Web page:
Gaps in traditional security – Why do gaps keep appearing year after year?
Why do gaps keep appearing year after year? While the reason behind this is rather simple, the solution isn’t. In this article, Dr. Ratinder Paul Singh Ahuja makes an assessment of the security breaches and discusses what security will need in the future in order to deal with an ever-evolving infrastructure.
The recent Marriott breach –just after the Equifax incident– showed that traditional approaches to security aren’t working. Cliche? Maybe – unless you’re on the security teams having to deal with the aftermath of these breaches. Why do gaps keep appearing year after year?
The reason is simple (though the solution isn’t). Gaps appear because IT Infrastructure keeps changing in perpetuity. For example, consider these recent, major changes in our computing landscape:
- Endpoints became closer and more mobile. Antivirus was status quo for years but it stopped working which gave birth to Endpoint Detection and Response (EDR).
- Enterprise perimeter evolved with the onset of SaaS. In turn, the industry gave us cloud access security brokers (CASB).
Where is the next major shift going to happen? In the data center. In the past, the data center was a walled garden in a confined and specific physical location. It has now dispersed across a multi-cloud infrastructure. The data center has become virtualized in the multi-cloud and all over the place.
The numbers speak for themselves. Misconfiguration is *the* major contributor to breaches and other security flaws in the cloud. According to IBM, bad configuration jumped by 424%, accounting for nearly 70% of compromised records over the year. Not surprisingly, this has slowed cloud adoption. Computing Cloud Review 2018 noted that 86% of organizations cite data breaches and loss as the primary reason they hesitate to adopt the cloud. But the cloud is a freight train few can stop. By 2020, Gartner predicts 75% of organizations will have deployed a multi-cloud or hybrid cloud model for their IT needs.
So let’s take a serious look into what gaps need to be overcome in order to properly move security to the next level:
- Gap #1: Security is too complex and overly reliant on a chokepoint mentality. Conventional security technology focuses on containment to produce restrictions, bottlenecks, and chokepoints. In the past, data and infrastructure were contained and controlled in discrete environments due to the fear of loss and compromise. With the advent of cloud architectures and the focus on reduction of containable environments, that got screwed up. Many of our old security toys became obsolete. Worst of all, while IT enjoys the benefits of cloud computing—speed and scale—security, by contrast, gets sluggish and bloated.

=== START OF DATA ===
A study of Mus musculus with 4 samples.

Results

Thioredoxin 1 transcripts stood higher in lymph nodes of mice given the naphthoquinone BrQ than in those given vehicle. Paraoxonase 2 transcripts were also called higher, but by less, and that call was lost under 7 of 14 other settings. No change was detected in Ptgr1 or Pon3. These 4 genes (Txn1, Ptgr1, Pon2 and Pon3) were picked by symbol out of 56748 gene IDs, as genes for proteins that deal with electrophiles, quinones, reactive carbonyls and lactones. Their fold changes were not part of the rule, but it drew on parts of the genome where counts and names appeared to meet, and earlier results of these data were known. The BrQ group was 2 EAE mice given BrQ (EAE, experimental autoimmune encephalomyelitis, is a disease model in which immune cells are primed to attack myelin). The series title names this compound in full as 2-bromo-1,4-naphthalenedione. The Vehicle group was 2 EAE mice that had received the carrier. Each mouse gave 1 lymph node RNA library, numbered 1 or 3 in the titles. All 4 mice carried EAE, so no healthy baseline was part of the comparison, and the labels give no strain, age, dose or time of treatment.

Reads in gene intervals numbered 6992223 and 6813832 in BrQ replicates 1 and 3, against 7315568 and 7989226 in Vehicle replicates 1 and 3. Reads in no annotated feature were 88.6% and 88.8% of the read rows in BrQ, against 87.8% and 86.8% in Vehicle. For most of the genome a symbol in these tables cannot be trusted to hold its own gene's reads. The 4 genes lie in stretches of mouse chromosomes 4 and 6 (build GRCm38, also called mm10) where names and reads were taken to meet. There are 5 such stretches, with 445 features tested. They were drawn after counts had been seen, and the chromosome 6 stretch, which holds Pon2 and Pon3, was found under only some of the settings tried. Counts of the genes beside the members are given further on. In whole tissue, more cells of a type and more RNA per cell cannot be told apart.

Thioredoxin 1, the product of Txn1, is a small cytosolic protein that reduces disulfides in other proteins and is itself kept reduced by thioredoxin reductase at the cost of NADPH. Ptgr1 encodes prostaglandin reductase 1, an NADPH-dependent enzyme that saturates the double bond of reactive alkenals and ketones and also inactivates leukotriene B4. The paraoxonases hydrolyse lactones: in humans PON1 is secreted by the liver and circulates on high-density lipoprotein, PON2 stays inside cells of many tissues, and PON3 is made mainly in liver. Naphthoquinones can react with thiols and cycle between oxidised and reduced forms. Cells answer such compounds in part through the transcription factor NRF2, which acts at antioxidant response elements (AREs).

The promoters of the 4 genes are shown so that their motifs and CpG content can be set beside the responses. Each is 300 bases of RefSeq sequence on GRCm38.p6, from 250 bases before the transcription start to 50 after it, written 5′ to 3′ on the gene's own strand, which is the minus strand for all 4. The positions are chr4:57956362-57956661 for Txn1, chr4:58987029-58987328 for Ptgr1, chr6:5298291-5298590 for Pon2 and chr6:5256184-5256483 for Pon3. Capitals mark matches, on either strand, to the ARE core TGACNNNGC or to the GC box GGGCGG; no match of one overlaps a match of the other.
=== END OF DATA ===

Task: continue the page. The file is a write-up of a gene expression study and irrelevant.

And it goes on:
- Gap #2: The cloud is making security harder. In the good old days, security only had to secure a fixed set of physical data centers. It was a chess game having to protect data within an infrastructure. Now, with part of the infrastructure having been virtualized, other parts in bare metal and then other components in AWS/Azure, the chess game has become three dimensional (do a search on “Star Trek 3d chess” and you’ll see what I mean).
What will security need in the future to deal with an ever-evolving infrastructure? We call it Elastic Security – an approach that accepts that infrastructure will shift constantly. Your technology should close the loop between visibility and relevant security policy then instantly build the controls to make the appropriate. Organizations need an elastic approach that applies and expands security controls at will, dynamically, intelligently and with complete automation. By taking an Elastic approach to security, businesses can embrace the promise of cloud speed and scale without undercutting protection. This allows organizations to:
- Gain pervasive insight into applications and data across cloud deployments.
- Automatically and autonomously apply security intention no matter where data and applications are or where they go
- Scale to adjust in and out with dynamic environmental shifts.